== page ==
What Makes a Hurricane?

So what exactly is a hurricane? They’re actually known by a few other names depending on where you are, like typhoons or cyclones. Scientifically, the storms are labeled tropical cyclones. You’ll only hear the term Hurricane if you’re talking about a tropical cyclone formed in the Atlantic or eastern Pacific Oceans.

So, let’s break it down. These storms form in the warmer, moist parts of the climate found closer to the equator. Think of them as huge engines fueled by heat and humidity. Warm air rises, and as the warm air in these environments rises, it creates low-pressure systems closer to the water. As the moisture in the air begins to cool off, clouds form and keep on moving throughout the system, spinning along with the wind and being continuously fed by the heat and moisture found in the ocean. This whole system continues and begins to gain speed and structure until an eye eventually forms in the center of the storm.

Small Beginnings

A hurricane doesn’t just pop up out of nowhere. When a storm reaches wind speeds of 39 MPH or more, it officially becomes a Tropical Storm. A hurricane begins at wind speeds of 74 MPH and goes through an entire category system as it gains strength and speed:

Category 1: Wind speeds between 74 MPH and 95 MPH
Category 2: Wind speeds between 96 MPH and 110 MPH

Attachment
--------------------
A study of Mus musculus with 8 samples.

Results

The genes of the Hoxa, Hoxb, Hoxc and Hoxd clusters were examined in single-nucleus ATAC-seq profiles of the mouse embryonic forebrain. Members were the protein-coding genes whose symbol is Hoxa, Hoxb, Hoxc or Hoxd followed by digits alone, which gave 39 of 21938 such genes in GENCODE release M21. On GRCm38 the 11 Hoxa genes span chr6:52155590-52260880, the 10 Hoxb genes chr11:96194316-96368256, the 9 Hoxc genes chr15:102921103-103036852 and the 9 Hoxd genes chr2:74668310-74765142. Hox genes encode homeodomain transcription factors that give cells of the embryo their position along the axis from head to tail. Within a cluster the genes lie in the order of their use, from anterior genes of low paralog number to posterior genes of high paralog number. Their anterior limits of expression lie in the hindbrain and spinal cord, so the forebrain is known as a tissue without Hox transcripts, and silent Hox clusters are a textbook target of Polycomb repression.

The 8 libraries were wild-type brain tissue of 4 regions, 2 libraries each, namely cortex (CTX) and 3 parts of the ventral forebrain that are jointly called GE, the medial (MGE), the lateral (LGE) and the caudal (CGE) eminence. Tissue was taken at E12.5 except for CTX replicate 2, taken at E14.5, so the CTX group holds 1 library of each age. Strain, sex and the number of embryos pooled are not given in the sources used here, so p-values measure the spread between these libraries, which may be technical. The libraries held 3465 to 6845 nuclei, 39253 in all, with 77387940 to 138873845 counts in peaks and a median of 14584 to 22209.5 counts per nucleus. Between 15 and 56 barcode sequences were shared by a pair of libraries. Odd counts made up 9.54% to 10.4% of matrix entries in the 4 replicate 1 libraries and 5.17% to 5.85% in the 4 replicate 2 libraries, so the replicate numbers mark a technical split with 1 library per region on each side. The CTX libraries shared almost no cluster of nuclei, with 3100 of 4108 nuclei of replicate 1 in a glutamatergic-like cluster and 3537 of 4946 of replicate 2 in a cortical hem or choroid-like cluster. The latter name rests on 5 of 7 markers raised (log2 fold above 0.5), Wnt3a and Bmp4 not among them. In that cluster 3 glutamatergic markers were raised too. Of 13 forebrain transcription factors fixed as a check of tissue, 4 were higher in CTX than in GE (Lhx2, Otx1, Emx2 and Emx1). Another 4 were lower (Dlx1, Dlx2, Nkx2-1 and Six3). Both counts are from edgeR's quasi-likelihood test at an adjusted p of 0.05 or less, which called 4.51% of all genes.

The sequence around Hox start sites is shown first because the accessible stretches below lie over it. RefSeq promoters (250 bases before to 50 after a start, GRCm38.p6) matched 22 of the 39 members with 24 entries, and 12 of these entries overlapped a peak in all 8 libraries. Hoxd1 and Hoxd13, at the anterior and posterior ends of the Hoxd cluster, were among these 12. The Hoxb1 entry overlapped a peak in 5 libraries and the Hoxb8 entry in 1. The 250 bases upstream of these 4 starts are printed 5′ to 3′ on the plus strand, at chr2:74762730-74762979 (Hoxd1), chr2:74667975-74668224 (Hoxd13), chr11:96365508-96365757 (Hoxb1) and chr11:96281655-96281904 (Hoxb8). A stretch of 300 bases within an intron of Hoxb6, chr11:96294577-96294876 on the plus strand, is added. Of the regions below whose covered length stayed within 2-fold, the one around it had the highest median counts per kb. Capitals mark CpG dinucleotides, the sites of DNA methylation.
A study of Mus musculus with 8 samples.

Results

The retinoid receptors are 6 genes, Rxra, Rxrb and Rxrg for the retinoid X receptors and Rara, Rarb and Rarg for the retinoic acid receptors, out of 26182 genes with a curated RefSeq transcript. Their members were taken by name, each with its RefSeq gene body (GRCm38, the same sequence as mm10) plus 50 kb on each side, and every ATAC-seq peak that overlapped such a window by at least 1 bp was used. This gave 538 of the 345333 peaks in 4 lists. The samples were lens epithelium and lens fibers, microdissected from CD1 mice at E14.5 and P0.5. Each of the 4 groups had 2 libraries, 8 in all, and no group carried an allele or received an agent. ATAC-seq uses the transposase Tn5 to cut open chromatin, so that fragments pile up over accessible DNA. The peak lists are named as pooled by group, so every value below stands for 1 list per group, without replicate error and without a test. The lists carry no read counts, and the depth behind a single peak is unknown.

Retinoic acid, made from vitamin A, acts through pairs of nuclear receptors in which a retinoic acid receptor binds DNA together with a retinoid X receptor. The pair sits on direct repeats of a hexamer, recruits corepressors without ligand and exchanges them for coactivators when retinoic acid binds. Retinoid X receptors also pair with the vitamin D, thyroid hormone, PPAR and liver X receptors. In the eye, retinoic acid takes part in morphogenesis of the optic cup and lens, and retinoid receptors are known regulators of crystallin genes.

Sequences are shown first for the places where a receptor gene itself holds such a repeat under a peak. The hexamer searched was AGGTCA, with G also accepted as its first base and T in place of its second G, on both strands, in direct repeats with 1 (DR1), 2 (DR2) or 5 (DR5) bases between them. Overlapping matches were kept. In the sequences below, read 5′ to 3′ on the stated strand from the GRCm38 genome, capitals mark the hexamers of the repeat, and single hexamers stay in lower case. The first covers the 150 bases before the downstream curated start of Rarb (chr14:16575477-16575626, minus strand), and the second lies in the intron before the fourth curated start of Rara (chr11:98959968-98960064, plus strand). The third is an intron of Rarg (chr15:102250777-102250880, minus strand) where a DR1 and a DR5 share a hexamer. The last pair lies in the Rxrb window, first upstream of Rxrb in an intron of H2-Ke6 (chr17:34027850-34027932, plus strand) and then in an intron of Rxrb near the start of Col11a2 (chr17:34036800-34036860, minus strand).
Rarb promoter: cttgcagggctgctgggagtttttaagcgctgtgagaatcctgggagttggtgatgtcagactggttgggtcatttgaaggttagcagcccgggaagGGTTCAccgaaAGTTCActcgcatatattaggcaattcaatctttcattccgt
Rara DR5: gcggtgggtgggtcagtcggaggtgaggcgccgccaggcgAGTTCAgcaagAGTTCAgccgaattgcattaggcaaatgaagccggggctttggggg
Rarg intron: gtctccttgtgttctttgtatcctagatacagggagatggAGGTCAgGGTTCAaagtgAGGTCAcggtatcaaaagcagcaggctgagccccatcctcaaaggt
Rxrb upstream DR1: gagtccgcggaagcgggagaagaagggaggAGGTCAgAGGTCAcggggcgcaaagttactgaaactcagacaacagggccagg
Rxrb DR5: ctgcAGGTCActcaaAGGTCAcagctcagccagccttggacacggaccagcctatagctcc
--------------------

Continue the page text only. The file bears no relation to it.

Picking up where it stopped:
Category 3: Wind speeds between 111 MPH and 129 MPH
Category 4: Wind speeds between 130 MPH and 156 PMH
Category 5: Wind speeds between 157 MPH and faster

Preparing for Hurricanes

If you’re in the projected path of a hurricane, the smartest thing you can do is prepare. Pay attention to the news and updates on the storm, and make sure to follow evacuation notices if you live in a declared evacuation zone. Staying in your home may be your first instinct, but if you live in a zone and don’t leave, you may be putting your life at risk.

Besides following official orders for evacuation and being vigilant, you should prepare by stocking up on bottled water, nonperishable food items, toiletries, and anything you think you may need in an emergency. Having all of your important documents (birth certificates, passports, etc) in a single place is a wise choice as well in case you do end up having to evacuate. Knowing where everything is and having it ready to go will help you to stay calm and deal with less stress during it all.

Another option to consider is installing hurricane resistant windows and doors on your home. It’s an investment, but it’s definitely one that pays off. Not only will it help to provide safety and structure to your home, but it can actually increase your home’s value if the time ever comes to sell it and move on.

Prepare the Right Way with MaxGuard Hurricane Windows and Doors

Hurricane season can bring about a few close-calls, scary storms, and last minute road trips out of evacuation zones. If you’re able to stay at home, prepare the right way and invest in Hurricane proof windows and doors. Bring your home up-to-date with modern safety technology and worry less during the next hurricane season. Contact us online today or give us a call at (561) 276-7100.